The old adage of its not what you know, but who you know will never go out of style. We see it daily represented in almost anything publically displayed in the media. Now that media is currently most strongly held in the hands of the people, there is no shortage of proof that power is grown by the more people you know; the greater the access you have to these people and by the diversity of people you know. We are expanding our reach far beyond that of our ancestors just a century ago and with that reach come both opportunity and responsibility. Scientology for example, has been in the forefront lately as the preferred group to join if you want to become and stay famous, continuing the ‘clicks’ so well known in history as the generator of success.

Back in the day, networking events were the popular place to meet people; business cards, the transactional element of the day. Today, networking events happen in the moment; are usually not in person, and at most are incidental, social and without much true professional meaning. While the transactional elements have shifted to Twitter names, that trend will shift as the generation matures and realize the true value of the tool as businesses currently do.

One of my favorite places to network online is Linked In. Launched in 2003, I have been a loyal member since. Linked In, probably the best and most used professional internet site has done the job right in connecting members with people of similar backgrounds, work experiences and education. This is not to say that other people cannot find their way into your network, just that the most relevant will be shown to you. You can choose with whom to connect. It is also the place to join groups. Some are position related and some industry related; a perfect place to have discussions around the latest technology or hottest certifications. The popularity of the site was recently in the limelight as the company went ‘public’ on Wall Street. However, among most young people, and the older generation, it is still a mysterious and undiscovered territory.

The beauty of this site and others like it, lies in the ability to showcase who you are on your profile page and permit others to seek you out, professionally. Often, I receive invitations from folks who are so thankful that I have accepted. I am so thankful they are interested in connecting, as with every connection our independent network expands and therefore all of our reach. Updates, comments or quotes regarding what you are doing at the time gives additional professional perspective of the growth you are experiencing within your career. Need valuable references? You can petition for these directly on the site from co-workers or former supervisors. Need a new employment opportunity? Find it or develop it here also. New additions are sites like ‘’ found within AOL that offer free webpages and business cards.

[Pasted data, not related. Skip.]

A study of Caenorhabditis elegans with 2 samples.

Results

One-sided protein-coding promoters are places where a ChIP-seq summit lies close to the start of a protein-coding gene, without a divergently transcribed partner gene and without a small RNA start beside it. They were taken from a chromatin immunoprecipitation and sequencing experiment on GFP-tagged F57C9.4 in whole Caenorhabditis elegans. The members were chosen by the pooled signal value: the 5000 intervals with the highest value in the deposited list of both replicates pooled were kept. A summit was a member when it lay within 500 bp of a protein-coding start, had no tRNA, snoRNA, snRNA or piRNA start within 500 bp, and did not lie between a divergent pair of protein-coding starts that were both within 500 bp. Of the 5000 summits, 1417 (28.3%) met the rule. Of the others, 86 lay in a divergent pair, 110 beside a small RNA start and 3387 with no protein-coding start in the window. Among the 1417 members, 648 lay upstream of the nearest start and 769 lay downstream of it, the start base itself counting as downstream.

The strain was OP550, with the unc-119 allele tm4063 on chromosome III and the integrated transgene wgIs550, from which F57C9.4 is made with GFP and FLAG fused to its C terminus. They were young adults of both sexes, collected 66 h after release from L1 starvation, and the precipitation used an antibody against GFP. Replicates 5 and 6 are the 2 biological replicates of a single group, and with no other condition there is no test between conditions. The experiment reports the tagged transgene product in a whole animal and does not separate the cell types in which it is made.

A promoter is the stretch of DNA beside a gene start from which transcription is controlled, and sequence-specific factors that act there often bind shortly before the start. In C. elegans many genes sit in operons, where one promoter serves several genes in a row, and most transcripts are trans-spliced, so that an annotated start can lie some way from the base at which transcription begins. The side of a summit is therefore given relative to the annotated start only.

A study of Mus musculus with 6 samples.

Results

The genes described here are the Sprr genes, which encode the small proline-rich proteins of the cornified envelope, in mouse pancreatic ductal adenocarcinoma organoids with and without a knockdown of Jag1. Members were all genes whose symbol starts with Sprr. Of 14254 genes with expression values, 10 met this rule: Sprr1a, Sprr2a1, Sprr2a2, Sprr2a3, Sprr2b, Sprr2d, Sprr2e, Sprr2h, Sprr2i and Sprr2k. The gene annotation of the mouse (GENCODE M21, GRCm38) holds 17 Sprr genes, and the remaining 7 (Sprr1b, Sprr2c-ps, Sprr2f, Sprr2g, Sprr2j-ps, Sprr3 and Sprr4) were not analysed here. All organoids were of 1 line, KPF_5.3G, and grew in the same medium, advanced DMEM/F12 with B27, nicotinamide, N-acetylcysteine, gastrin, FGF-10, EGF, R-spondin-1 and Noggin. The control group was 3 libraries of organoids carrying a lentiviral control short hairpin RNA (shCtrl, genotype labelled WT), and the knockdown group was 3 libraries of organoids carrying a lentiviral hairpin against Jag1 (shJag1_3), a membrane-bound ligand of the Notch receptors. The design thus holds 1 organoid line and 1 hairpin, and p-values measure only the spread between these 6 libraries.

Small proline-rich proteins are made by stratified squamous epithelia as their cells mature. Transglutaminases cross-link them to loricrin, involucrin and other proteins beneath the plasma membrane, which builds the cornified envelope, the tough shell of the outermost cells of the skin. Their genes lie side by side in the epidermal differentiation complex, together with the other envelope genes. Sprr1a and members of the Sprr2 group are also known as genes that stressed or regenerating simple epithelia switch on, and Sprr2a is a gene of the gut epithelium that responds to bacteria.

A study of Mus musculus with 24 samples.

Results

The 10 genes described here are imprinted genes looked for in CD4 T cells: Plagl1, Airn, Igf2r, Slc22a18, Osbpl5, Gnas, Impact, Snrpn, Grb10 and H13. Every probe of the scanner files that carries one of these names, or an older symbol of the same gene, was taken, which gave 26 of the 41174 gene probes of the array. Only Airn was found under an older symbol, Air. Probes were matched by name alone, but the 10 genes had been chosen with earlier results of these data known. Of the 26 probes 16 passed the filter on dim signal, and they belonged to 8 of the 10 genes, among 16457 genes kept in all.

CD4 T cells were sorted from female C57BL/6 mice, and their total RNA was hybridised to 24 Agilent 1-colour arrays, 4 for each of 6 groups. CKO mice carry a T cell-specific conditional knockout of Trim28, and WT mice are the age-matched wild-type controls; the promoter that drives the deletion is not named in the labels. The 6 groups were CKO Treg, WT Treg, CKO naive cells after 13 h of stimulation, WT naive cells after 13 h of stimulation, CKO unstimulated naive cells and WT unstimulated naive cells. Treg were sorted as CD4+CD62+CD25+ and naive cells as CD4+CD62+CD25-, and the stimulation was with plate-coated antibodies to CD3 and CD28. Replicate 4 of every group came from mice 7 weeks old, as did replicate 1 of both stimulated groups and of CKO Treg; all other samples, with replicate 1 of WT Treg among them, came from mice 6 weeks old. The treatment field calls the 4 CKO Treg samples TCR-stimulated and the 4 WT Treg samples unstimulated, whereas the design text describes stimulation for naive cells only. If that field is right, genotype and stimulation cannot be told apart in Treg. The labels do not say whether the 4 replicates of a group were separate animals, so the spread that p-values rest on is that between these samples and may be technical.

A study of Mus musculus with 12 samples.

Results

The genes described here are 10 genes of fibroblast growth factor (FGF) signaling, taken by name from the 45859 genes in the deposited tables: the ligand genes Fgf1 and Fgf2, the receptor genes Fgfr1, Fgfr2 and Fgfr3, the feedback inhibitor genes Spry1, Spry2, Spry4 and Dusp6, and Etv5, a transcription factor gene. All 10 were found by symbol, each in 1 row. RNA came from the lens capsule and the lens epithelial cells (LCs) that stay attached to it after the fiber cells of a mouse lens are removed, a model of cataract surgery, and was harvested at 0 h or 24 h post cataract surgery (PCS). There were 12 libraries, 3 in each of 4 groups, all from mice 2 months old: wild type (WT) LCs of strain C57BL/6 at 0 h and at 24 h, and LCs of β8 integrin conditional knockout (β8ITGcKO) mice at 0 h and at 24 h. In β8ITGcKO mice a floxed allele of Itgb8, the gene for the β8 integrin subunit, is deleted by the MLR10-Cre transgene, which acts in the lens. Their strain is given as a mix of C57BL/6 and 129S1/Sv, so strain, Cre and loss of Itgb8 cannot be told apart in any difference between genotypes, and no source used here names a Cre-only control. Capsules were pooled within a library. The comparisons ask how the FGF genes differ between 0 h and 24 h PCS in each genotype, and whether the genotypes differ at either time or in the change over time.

Each year, I promise to expand my network. Each year I have a goal for new connections. In 2011, I promised to triple my reach and have met some great folks along the way. So many benefits to reap: constant updates within your industry, job leads and if you are like me, interesting opportunities to contribute to the world at large through articles, books and ezines.

I should mention however that networking includes the word ‘work’ in it for a reason. It takes time to keep up and to interact with folks; my recent network reach is in the thousands. The good news is however, if you elect to use sites like Linked In, the site will keep your database of contacts for you.

Keep in mind that a site reputation for positive experiences is important. Unfortunately as a free favorite, Craigslist has been in the news a lot lately as not the place to network or find jobs-its reputation has a strong background of scams. What a shame because that was not the original intent of this free site. And while we are talking reputations, Facebook is not where you want to post the seedier sides of your life, as this is a popular site for recruiters and employers to reference your character and background.

So back to freebies, if you like the old standard of the business card-you can get these printed for free on sites like This site started in the early 1990’s and has been going strong since. You can design your own card and all you pay is shipping.

Why would you want your own business card? Well, to promote you! Whether you work for someone or not, it is a good idea to have your own card designed to showcase your skills abilities and direct contact information should something come of the interaction.

What do you put on your personal card? Name, contact information, generic title or area of interest. If more graduates had business card to distribute, more, I believe would find relevant work. Make that net-work!